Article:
As an artist, Nim allowed her work to shift according to the influences of the present moment, instead of forcing the moment to fit her own narrative. As such, the works on this site have been clustered according to formative moments in her life and reflect her concerns at that specific time. 

1972. NIM_241_Still Life.jpg

Glimpses of Civilisation 

1967 – 1989

During the 1960s, Nirmala Dutt started attending art classes with Hoessein Enas under the Angkatan Pelukis Semenanjung (APS) group, which is where she got one of her first “glimpses of civilisation”.

Friends in Need

1979 – 1993

Throughout her life, Nim actively engaged with global catastrophes, including the Vietnam War, the Bosnia War, and various refugee crises.

1986. NIM_130.jpg
NIM_063 (c. 1975).jpg

Your Beautiful Home

1973 – 1999

During this period, Nim produced her “Pernyataan” (Statement) pieces documenting the human and environmental cost of the country’s hunger for rapid development. In the late 90s, she created her Great Leap Forward series, which critiqued Tun Dr. Mahathir Mohamed’s strategy of rapid modernisation in Malaysia. 

London’s Homeless

1993 – 2003

Nim returned to the UK yet again in the early 90s to pursue her postgraduate studies in London. Her proposed area of study was “Art Against War and the Creative Process”, and she produced  countless prints of the homeless citizens she encountered around her area.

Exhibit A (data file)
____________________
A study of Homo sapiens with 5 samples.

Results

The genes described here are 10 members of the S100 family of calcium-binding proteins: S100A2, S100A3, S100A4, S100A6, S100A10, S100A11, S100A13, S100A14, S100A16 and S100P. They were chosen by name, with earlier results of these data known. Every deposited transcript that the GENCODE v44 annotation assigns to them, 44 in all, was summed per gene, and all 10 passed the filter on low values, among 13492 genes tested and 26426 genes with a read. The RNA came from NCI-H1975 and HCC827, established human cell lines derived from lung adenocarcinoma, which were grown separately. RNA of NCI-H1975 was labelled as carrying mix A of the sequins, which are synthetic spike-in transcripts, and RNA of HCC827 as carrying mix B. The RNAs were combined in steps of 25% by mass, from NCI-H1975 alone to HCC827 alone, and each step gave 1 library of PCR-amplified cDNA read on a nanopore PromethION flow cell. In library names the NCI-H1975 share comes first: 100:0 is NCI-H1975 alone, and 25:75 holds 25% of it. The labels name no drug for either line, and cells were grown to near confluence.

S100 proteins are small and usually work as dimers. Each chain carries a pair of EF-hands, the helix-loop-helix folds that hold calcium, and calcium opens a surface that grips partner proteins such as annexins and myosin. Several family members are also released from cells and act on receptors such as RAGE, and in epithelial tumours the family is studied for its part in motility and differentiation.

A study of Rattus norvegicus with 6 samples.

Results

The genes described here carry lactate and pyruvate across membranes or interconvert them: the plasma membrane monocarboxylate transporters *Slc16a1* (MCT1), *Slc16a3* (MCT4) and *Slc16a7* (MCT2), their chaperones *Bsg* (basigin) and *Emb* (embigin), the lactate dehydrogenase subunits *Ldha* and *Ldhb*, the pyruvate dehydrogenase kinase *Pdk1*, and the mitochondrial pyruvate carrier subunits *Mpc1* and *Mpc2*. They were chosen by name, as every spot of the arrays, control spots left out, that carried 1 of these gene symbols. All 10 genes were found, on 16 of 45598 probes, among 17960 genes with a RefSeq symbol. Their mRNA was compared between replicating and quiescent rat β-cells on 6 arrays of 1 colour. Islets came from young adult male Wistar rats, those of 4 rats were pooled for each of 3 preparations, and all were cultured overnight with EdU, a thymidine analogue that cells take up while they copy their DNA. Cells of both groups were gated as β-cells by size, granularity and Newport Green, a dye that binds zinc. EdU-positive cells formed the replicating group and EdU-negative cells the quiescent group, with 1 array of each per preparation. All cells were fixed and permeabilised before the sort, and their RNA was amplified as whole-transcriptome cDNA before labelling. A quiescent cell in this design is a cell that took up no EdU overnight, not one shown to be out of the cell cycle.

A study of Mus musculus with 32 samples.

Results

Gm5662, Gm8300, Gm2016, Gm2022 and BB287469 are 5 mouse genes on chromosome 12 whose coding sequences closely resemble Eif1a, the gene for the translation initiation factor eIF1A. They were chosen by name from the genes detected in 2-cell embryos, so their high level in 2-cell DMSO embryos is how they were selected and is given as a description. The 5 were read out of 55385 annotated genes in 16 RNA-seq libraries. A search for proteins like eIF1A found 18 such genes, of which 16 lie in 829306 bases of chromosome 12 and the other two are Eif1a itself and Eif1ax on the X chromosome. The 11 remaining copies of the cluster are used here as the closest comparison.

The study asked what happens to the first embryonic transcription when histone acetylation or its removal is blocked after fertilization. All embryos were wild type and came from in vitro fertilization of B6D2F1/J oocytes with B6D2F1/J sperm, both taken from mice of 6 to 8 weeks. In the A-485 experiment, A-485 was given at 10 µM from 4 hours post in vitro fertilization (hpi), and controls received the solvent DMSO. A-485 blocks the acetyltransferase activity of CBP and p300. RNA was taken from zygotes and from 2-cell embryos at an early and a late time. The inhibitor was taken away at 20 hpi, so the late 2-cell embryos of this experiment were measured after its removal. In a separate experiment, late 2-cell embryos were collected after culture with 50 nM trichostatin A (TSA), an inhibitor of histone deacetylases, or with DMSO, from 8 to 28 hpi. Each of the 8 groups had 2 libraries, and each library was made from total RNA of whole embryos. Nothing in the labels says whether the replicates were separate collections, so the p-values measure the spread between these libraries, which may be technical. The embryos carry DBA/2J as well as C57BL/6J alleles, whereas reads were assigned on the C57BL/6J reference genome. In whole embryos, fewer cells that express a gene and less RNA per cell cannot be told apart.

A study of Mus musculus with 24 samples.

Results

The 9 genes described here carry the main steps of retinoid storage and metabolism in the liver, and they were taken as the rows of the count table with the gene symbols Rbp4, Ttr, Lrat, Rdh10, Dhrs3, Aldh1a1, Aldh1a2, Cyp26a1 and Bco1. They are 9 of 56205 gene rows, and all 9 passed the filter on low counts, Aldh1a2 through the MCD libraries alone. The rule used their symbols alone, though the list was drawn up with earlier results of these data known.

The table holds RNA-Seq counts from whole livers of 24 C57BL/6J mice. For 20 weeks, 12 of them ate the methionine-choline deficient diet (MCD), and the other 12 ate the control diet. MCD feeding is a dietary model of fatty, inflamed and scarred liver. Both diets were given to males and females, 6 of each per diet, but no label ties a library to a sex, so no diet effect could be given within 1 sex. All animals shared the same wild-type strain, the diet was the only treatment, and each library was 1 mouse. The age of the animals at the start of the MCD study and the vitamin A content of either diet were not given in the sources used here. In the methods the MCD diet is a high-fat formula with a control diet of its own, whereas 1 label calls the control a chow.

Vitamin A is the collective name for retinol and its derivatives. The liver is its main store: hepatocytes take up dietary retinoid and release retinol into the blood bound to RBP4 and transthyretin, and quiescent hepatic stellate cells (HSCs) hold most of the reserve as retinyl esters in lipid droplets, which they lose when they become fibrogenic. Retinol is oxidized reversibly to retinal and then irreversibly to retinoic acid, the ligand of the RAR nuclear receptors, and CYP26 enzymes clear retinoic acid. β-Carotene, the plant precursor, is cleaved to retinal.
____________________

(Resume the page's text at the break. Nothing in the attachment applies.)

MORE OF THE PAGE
1993-5. NIM_104.jpg
1999. NIM_114.jpg


1998 – 2003

While Nim interrogated the world around her, she was always conscious of her own presence in it. The vastness of her interior world was reflected in artworks such as “Virgin Spring and Siti: An Installation”, which she exhibited in the intimacy of her own home studio. 

Tsunami 2004–2005

2004 – 2006

In 2004, the Indian Ocean tsunami wreaked havoc across the region. The series, “Tsunami 2004–2005”, emerged from the endless hours Nim spent watching news reports of homes destroyed and families stranded, interspersed with accounts of the immense heights of human compassion.

2005. NIM_113.jpg

After Sengai

2009 – 2013

Towards the end of her life, Nim's works became quieter and more subdued. She found solace in God and her faith, achieving a zen-like understanding and acceptance of her own mortality, reflected in the last few works she produced.